Best Buy (NYSE: BBY) is diving headfirst into the consumer electronics repurchase market -- but it may have forgotten to fill the pool with water.

Boy Genius Report is unearthing documents of a new service that Best Buy is presumably launching tomorrow, where it will begin to repurchase smartphones, laptops, tablets, and TVs.

If this were it -- and Best Buy were just setting up space within its massive stores to offer up a glorified pawnshop or the means for suppliers to get back parts or merchandise worth refurbishing -- it would simply be a puzzling move. Yes, Best Buy has followed GameStop (NYSE: GME) into video game trade-ins, but does it really want to be portrayed as the place where folks lug in year-old handsets and flat screens?

Unfortunately, this isn't just about the resale opportunities. Best Buy won't buy back your wares unless you paid the chain a premium for that right first.

Similar to its Geek Squad Black Tie Protection, where buyers pay for a set number of years of support and maintenance, the new Buy Back program is a premium service that Best Buy is pitching as protection against obsolescence on new purchases.

It may have been neat to know that Best Buy would repurchase any of the covered products during the first six months of ownership, at 50% of what customers shelled out, but folks have to pay a small premium for that coverage. For example, with a mobile phone, the scale slides quickly after the first six months -- all the way down to 20% during the last half of the second year -- so it's really more a confirmation of obsolescence than protection.

There may be a market here for serial early adopters, particularly for smartphones. Apple (Nasdaq: AAPL) refreshes its products annually, and buyers of Android phones find a slicker model being rolled out every few weeks. However, there are already plenty of outlets -- from Craigslist to eBay (Nasdaq: EBAY) -- that serve as clearinghouses for secondhand goods in working condition. If consumers don't want the hassle of haggling or waiting for interested buyers, RadioShack (NYSE: RSH) accepts trade-ins. Wal-Mart's (NYSE: WMT) website offers a trade-in program through Gazelle for Wal-Mart gift cards.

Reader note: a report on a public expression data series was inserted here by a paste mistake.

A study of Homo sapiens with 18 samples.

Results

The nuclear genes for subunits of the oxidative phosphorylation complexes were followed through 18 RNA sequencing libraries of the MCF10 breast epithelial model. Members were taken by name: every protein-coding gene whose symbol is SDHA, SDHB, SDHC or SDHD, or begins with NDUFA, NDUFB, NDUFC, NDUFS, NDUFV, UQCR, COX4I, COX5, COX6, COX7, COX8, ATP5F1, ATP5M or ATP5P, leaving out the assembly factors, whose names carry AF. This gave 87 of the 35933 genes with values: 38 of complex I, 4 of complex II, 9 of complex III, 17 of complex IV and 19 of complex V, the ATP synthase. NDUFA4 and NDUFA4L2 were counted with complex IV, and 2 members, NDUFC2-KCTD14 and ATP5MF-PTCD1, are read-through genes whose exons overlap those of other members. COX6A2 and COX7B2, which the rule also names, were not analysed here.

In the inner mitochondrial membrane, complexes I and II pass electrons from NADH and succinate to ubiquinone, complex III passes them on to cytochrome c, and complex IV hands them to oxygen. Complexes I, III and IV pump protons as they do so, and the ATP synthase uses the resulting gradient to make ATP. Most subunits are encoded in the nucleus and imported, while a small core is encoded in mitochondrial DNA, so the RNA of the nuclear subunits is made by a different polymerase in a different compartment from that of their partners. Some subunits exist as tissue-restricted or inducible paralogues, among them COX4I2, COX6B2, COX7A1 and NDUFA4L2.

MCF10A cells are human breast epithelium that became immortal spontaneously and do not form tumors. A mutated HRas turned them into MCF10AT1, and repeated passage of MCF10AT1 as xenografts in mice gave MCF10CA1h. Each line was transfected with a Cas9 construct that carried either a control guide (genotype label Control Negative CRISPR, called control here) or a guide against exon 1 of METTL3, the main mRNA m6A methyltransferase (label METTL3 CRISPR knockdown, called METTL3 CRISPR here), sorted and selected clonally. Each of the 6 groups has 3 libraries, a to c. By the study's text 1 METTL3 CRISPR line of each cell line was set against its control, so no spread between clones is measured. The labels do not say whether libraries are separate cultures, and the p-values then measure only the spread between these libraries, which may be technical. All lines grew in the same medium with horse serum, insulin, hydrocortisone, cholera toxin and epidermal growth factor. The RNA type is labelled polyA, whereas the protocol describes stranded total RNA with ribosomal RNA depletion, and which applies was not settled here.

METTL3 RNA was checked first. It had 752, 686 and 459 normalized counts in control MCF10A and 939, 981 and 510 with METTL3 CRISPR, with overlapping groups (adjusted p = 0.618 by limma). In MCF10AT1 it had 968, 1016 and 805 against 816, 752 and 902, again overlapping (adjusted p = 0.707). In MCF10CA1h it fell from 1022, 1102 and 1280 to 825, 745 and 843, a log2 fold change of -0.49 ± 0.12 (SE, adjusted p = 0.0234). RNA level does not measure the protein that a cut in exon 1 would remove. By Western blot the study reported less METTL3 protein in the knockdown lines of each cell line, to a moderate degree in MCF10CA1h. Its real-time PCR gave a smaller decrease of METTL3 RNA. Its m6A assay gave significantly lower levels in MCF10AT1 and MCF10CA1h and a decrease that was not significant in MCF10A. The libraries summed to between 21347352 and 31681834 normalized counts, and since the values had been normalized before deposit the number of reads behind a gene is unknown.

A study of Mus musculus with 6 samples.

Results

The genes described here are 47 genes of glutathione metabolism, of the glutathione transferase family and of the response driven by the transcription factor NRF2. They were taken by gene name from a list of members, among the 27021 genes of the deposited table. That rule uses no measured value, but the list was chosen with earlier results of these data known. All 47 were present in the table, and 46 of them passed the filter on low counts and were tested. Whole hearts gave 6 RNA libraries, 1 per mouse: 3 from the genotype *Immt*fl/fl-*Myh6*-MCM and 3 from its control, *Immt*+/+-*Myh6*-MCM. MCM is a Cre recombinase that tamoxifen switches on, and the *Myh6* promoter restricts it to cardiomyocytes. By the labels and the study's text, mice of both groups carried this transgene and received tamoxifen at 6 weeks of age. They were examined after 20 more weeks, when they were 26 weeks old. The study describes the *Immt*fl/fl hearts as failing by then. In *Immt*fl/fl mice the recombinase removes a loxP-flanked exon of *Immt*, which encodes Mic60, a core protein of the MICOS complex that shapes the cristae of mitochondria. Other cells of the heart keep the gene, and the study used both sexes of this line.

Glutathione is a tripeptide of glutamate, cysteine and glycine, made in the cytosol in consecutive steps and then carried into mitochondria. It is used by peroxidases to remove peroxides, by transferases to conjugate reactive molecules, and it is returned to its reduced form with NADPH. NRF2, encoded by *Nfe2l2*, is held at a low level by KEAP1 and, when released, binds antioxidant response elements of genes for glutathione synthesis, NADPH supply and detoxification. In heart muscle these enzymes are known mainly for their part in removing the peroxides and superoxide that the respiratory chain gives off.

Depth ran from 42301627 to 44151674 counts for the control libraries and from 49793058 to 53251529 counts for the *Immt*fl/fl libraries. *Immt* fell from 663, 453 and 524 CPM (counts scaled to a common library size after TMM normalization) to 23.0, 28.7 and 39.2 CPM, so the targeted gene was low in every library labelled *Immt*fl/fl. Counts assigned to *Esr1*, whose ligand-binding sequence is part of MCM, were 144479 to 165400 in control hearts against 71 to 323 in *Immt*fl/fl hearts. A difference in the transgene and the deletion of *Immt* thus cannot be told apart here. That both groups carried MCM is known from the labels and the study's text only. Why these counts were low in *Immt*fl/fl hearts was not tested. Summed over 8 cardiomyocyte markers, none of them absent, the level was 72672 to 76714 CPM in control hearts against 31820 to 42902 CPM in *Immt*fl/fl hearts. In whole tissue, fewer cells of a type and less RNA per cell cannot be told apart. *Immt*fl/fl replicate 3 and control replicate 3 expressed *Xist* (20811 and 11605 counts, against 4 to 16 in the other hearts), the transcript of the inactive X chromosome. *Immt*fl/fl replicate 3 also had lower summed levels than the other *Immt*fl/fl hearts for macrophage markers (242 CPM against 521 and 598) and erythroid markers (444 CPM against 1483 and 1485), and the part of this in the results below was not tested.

We'll see tomorrow if Best Buy is really doing this, but it seems to be a flimsy solution to a problem that others are tackling more effectively without the upfront tollbooths.

It's easy to see why Best Buy is hungry for something new, as the superstore chain is coming off a horrendous preholiday quarter. I'm sure the margins on these plans opened up the eyes in the boardroom, but it just won't fly.

Online sales continue to eat at Best Buy's business. The failure of Circuit City is appearing to be more a case of foreshadowing than an opportunity. Best Buy shareholders appear to be the ones needing protection from obsolescence.

It stings, I know -- but it's true.

Would a premium buyback service work at Best Buy? Share your thoughts in the comment box below.